Engage (10 – 15 minutes):
1. Show students an “Earth” view of your school using Google Maps. Discuss visible landmarks on this photo view (trees, school building, roads, fields, etc.) Change to a “Street” view map to compare and contrast the two maps. Have partners turn and talk about the following questions:
- What is visible on one type of map but not the other?
- When would the photographic “Earth” view be more useful?
- When would a street map be more useful?
- What information about our school campus is not visible on either map? Is there another type of map we could use to get this information? (These questions will help you determine prior knowledge about topographic maps.)
2. Tell students they will be designing a bike race course around the neighborhood. Why would they want to consider elevation when designing their path? Have small groups discuss features that would make the best bike course. What would make the race faster? Possible responses could be a straight course or going downhill. What would slow down the riders? Possible responses could be lots of turns, going uphill, etc. What would make the race more exciting? (Possible responses could be obstacles, jumps, etc.)
3. Have students work in small groups to list the land features they need to know about in order to plan the best race.
Explore (40 – 50 minutes):
- Explain to students they will investigate a new type of map, called a topographic map, to help them plan their bike race routes. A topographic map is a map that shows the elevation of land features. Explain they will make their own mountains with clay and constructing a topographic map of their mountains to better understand how to use these types of maps.
- Students will work in groups of 2 – 3 students. Give each group a fist-size ball of modeling clay or play-dough to use to create mountains. If play-dough is used, make sure it is firm enough to maintain its shape when sliced with dental floss. Encourage students to make their mountains unique, because they will need to be able to tell their mountain apart from the others in the class.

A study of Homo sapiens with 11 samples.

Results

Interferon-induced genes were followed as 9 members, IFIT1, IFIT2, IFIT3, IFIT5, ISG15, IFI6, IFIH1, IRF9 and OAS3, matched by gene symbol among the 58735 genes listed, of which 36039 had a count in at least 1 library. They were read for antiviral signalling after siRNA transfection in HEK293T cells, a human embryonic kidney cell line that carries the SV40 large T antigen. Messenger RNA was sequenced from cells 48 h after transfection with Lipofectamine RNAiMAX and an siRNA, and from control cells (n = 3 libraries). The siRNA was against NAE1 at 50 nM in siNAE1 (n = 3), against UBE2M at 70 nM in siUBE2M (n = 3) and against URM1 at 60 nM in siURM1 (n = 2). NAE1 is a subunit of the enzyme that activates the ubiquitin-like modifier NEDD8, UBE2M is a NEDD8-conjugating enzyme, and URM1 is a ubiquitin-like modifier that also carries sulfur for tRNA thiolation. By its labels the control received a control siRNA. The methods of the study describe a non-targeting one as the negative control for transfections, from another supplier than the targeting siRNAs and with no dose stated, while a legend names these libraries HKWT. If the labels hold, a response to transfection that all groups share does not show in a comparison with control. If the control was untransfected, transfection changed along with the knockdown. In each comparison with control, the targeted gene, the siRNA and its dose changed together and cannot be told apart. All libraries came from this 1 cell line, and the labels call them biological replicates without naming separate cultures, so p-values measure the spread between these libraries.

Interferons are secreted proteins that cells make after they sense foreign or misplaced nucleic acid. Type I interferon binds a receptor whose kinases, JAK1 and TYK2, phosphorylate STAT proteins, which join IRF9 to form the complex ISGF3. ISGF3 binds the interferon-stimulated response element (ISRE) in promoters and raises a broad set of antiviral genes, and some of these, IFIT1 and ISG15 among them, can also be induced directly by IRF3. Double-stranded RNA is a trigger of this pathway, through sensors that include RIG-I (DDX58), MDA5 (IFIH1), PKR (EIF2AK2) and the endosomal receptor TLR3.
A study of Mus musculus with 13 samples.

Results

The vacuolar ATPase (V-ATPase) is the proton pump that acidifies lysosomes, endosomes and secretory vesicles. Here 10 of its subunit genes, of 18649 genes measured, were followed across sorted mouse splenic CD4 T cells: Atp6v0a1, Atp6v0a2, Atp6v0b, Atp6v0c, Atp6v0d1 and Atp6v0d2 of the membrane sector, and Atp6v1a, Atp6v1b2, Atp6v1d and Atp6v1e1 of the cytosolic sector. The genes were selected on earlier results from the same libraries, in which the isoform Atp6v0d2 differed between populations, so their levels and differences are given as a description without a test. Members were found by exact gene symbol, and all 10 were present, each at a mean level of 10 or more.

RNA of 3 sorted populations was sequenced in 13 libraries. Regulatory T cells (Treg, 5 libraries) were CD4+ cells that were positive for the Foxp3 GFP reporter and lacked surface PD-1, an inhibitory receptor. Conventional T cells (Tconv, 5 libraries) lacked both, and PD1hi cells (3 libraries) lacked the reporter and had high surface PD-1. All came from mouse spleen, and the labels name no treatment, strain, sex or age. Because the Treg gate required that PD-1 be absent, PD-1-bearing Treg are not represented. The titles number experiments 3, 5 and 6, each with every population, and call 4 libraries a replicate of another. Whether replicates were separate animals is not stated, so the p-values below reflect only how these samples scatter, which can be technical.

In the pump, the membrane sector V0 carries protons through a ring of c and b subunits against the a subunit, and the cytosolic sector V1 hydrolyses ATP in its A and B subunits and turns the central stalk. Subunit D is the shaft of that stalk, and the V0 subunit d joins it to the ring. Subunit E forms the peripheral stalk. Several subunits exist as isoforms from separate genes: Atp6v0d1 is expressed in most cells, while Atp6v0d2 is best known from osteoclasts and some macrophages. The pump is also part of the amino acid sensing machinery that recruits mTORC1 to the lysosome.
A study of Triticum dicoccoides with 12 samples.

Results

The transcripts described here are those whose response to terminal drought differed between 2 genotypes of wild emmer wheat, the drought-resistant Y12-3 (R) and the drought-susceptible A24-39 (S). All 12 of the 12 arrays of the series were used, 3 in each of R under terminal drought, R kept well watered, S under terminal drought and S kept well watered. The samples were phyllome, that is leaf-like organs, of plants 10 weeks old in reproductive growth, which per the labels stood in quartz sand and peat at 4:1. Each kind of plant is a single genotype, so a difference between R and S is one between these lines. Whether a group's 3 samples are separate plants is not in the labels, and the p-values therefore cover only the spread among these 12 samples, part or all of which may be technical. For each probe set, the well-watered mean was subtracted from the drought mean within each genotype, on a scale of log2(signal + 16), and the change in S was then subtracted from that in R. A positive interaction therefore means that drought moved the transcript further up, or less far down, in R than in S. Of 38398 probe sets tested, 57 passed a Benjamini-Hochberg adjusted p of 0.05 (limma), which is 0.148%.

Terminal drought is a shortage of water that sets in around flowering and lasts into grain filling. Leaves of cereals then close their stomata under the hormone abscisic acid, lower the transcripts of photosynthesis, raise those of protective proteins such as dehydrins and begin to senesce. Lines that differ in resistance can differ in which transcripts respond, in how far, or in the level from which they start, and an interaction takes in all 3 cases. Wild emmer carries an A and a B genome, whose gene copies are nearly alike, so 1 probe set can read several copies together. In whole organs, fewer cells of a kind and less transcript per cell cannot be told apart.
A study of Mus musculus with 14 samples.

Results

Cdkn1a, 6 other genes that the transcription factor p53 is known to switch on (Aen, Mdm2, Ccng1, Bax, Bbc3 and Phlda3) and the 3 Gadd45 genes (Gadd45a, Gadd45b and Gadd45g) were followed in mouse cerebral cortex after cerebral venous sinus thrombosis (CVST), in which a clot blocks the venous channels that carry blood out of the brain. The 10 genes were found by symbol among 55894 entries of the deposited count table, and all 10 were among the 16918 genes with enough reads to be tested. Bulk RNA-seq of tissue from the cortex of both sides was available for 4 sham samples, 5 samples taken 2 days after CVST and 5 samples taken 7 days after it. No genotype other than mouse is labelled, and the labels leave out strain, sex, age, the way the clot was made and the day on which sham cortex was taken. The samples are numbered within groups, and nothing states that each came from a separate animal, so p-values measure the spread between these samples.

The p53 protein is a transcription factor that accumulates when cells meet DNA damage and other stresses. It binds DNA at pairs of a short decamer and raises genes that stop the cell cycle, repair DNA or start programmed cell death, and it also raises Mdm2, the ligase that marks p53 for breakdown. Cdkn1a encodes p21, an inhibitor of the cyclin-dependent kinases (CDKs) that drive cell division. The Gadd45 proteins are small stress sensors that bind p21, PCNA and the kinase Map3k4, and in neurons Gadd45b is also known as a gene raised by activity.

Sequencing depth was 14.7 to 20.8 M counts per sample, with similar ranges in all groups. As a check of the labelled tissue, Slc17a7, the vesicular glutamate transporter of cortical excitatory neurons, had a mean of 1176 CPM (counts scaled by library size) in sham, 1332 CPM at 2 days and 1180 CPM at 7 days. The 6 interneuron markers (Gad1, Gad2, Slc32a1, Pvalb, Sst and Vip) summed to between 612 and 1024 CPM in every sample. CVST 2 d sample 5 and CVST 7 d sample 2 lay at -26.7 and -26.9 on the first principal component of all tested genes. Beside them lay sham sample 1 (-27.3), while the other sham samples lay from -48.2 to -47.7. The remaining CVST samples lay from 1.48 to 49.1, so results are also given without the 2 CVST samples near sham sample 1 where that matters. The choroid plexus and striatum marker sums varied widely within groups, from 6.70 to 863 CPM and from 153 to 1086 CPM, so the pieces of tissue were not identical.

- Place the mountain on a piece of paper or cardboard and trace the outer edge of the mountain with a marker. Place two pencils through the mountain vertically at its peak and mark two dots on the paper to show the orientation of the mountain.
- Measure the height of the mountain in 1 cm increments. Separate each 1 cm layer of the mountain using dental floss. Orient the second layer using the dots on the paper, then trace the outline to show 1 cm elevation. Continue tracing each layer to make a topographic map. For full instructions, go to NASA Space Place.
Explain (15 – 20 minutes):
- Have students reassemble their mountains. Explain that the outline of each layer on the map is called a contour line. Students should indicate the elevation of each line. (The bottom of the mountain is the outer contour line, which has an elevation of 0 cm; the next interior line shows the 1 cm elevation, the next 2 cm, etc.)
- Discuss what the distance between the contour lines means on the clay mountain. (The lines that are closer together show a steep hill. When the lines are farther apart it shows a more gradual rise.) When students can explain how their maps match their mountains, have students place their mountains in a line on one side of the classroom and collect the topographic maps.
- Shuffle the topographic maps and redistribute them to groups so they can match another group’s map to its corresponding mountain. Groups will select the mountain that they think is represented by their map. Each group will explain to the class why they believe this is the matching mountain based on data from the map. The group that made the mountain will then tell them if they chose the correct mountain.
- Show students a topographic map of your school using the Enviromapper site. Have students identify areas of high and low elevation on the school campus or in the neighborhood. Where are the steepest hills? What are the flattest areas?
Elaborate (15 – 20 minutes):
Using their knowledge of topographic maps, students will work in small groups to create a one-mile (or any other set distance) bike trail through the school neighborhood that will result in the most exciting (but still safe) race. Give students printed copies of the topographic neighborhood map to use in the planning process.
As students plan, have them discuss these questions:
- Will we only use streets, or will there be some “off road” components to the race?
- What elevations will make the race go faster? What parts of the neighborhood will slow the racers down?
- What areas should be avoided to keep the race safe?